Am I eligible for abuse and harassment protective orders?

| Oct 13, 2020 | Domestic Violence

Boston residents who are confronted with the threat of abuse and harassment or are dealing with its physical and emotional effects should understand that they have the right to be safe in their own home. Being in an abusive relationship is often cyclical with seemingly no possibility for respite. These cases might spark law enforcement intervention, but it continues even after police have been called. Those who are seeking legal remedies for abuse or harassment should understand the criteria for getting a legal order to put a stop to it.

Abuse prevention orders and when they can be granted

In Massachusetts, an Abuse Prevention Order is also known as a “209A.” It can be given to a victim who was abused by a spouse; a person with whom the victim lives in the same home; is in a dating or engaged relationship; are related through blood or marriage; or share a child. These factors are not enough to get a 209A on their own. There must also be abuse in the form of harm or attempts to harm, placing the victim in fear that physical abuse will occur, or there was some form of sexual assault.

Harassment prevention orders and when they can be granted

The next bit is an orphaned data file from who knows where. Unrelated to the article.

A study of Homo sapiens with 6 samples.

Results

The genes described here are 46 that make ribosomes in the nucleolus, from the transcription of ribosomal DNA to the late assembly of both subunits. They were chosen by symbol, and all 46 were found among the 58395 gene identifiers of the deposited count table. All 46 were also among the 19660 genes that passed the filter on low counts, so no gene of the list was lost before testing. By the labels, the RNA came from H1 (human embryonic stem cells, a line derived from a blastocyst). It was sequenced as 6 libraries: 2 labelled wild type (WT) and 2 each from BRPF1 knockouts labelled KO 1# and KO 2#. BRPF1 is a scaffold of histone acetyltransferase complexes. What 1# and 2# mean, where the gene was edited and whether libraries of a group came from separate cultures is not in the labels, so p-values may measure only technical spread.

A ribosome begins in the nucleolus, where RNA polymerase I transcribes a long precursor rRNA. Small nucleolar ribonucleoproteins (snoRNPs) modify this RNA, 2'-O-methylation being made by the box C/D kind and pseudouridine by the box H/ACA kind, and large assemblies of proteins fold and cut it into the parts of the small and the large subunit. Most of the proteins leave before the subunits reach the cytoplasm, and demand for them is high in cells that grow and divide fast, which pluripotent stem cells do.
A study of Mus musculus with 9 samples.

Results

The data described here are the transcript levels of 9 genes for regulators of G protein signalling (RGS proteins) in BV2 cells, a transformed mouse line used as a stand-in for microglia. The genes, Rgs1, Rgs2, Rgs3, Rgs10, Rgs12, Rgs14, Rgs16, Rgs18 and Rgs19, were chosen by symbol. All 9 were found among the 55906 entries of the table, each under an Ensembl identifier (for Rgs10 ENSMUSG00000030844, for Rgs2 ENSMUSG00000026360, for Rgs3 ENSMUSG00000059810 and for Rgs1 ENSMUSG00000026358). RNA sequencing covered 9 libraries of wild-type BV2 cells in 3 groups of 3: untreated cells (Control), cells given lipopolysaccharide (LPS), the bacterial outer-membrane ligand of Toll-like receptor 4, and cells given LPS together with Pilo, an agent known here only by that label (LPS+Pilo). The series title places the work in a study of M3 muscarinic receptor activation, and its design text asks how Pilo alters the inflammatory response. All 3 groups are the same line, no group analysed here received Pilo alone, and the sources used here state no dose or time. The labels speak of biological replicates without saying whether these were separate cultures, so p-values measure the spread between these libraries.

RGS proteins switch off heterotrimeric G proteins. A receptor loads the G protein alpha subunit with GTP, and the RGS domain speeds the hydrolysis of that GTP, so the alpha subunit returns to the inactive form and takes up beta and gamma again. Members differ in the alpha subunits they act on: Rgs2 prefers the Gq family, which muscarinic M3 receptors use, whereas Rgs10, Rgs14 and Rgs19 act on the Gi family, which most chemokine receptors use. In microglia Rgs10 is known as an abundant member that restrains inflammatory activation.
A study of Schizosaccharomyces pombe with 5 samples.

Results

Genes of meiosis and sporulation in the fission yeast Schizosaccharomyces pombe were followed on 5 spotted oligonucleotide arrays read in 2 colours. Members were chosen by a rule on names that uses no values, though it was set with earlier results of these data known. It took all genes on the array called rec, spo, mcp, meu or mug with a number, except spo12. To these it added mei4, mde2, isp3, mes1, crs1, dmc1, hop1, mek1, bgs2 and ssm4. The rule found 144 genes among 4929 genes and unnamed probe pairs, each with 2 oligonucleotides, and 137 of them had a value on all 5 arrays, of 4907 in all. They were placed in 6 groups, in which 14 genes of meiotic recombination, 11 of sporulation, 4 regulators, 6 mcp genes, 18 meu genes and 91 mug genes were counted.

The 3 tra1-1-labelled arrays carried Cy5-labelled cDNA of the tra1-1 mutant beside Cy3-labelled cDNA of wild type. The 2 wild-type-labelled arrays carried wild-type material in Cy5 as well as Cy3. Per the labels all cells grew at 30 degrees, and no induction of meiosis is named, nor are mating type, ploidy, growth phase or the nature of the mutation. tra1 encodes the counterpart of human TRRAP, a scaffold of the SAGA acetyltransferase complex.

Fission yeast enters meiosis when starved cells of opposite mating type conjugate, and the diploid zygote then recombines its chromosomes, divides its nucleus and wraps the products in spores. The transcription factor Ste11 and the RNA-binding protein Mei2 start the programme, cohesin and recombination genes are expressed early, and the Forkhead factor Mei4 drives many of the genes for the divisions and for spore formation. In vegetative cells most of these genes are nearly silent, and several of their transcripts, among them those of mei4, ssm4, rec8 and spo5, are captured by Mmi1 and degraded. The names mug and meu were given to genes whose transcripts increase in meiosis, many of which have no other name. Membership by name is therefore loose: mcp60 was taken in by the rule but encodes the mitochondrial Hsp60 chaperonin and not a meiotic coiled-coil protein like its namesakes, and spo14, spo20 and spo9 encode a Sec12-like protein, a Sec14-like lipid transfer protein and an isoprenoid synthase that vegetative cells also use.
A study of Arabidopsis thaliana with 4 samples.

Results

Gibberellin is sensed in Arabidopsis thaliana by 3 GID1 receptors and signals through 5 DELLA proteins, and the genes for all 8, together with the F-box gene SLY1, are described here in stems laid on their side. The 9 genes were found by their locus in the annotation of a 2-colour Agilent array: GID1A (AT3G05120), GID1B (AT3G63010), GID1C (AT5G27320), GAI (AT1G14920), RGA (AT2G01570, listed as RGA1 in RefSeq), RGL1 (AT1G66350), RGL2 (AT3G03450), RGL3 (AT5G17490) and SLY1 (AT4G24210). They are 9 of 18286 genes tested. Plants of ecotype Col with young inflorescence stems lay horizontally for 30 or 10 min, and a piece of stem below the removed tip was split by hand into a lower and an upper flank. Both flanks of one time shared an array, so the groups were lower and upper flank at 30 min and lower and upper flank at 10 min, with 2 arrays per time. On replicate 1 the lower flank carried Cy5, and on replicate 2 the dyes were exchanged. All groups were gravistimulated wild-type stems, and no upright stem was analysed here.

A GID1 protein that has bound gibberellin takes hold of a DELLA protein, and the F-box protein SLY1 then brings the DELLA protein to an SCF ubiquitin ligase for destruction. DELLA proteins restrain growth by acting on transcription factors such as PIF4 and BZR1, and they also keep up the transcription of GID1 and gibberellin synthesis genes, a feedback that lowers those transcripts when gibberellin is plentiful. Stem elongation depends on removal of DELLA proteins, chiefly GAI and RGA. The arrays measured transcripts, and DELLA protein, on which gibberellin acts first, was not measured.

Harassment is different from abuse. This is known as a “258E.” For there to be a prevention order to stop harassment, there must have been at least three acts in which the offending party behaved in a willfully malicious manner; it was aimed at the victim; the intention was to stoke fear, intimidation or abuse; and the person succeeded in these endeavors. Forced sexual relations can also be the justification for a harassment protection order. It can be given if the victim was stalked, drugged for sexual intercourse, assaulted, raped, assaulted to commit rape, or subjected to criminal harassment.

Legal help when facing these forms of abuse

For those who are dealing with abuse or harassment, it is important to understand what possible relief can be given. For example, the alleged perpetrator cannot commit abuse, contact or remain in the household if a 209A is granted. For a 258E, the alleged perpetrator cannot abuse or harass, contact or go to the victim’s home or workplace. Financial penalties can also be assessed. Protective orders are a fundamental step to try and put a stop to abuse and stalking. It is understandable if victims are afraid, but it is imperative to move forward in seeking protection as soon as possible. Consulting with an experienced and caring law firm can provide help with stopping domestic violence with a protective order.